Universal design is invisible: that is, until it is not there. Refurbishments and upgrades to buildings can embed universal design without anyone noticing. Using a case study of a train station in Norway, Richard Duncan explains how it was done.
Duncan’s article, Right Under Your Nose: Universal Design in Norway is an easy to read article and is based on Olav Rand Bringa’s work. When done well, universal design minimises the need for separate designs for people with disability. For example, ‘accessible’ exit routes were previously signed with the international symbol. In the new scheme, many of the signs were removed. Yet travellers with disability did not comment on their absence. The design itself indicated where to go.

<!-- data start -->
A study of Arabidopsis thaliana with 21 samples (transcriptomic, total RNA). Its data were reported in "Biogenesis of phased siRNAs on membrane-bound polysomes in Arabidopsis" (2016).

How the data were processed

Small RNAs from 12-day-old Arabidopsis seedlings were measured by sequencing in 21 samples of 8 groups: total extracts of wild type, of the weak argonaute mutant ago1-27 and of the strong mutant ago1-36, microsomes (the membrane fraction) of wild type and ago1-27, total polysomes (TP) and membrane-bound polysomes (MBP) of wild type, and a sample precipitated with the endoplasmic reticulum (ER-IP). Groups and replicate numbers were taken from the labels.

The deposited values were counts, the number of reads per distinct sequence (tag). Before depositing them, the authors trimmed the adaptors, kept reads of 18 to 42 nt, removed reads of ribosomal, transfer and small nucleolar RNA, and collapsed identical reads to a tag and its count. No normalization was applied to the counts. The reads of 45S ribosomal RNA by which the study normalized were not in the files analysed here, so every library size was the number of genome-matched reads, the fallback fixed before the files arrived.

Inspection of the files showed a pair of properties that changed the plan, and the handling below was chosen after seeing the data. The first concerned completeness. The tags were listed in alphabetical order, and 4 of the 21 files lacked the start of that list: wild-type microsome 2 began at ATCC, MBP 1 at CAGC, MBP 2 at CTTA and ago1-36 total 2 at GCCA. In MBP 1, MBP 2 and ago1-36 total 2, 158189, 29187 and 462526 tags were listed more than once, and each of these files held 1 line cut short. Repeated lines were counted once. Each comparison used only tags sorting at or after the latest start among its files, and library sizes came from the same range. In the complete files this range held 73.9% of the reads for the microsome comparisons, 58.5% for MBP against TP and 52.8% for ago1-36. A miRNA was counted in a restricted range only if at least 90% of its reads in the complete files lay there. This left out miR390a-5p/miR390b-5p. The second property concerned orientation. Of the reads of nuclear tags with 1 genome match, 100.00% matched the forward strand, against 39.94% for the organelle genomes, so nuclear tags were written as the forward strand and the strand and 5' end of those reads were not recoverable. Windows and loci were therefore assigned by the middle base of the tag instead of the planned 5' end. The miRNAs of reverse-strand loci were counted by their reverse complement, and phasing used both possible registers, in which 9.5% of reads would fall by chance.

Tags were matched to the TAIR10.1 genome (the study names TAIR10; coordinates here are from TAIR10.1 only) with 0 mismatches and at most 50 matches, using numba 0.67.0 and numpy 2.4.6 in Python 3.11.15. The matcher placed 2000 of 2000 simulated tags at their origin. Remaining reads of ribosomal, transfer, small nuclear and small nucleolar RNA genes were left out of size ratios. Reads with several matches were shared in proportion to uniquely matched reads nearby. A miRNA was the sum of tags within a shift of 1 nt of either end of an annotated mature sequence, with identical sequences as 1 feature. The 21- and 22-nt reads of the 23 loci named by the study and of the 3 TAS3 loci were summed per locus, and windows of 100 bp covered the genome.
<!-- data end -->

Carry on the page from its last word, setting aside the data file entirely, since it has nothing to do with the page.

And there is more…
There is more in the article about the work of Bringa that traces the history of universal design in Norway. Two surveys from 2018 reveal a gradual change in attitude about universal design. More people understand the concept and agree with the principle of, “Universal design is necessary for some and useful for many”.
Norway is a global leader in implementing UD strategies. Their landmark document, Norway Universally Designed by 2025, focuses on inclusive policies where everyone is made responsible.
Olav Bringa has written several articles beginning in 1999 when Norway first embraced universal design principles. They are:
Universal Design and Visitability: From accessibility to zoning. It’s Chapter 6.
Universal Design as a Technical Norm and Juridical Term – A Factor of Development or Recession? Bringa discusses the importance of language in the quest for inclusion. It’s open access.
Richard Duncan has written a similar article on the invisibility of good universal design. This one is about automatic doors.
Photo by Olav Rand Bringa showing the improved and uncluttered entrance to the station.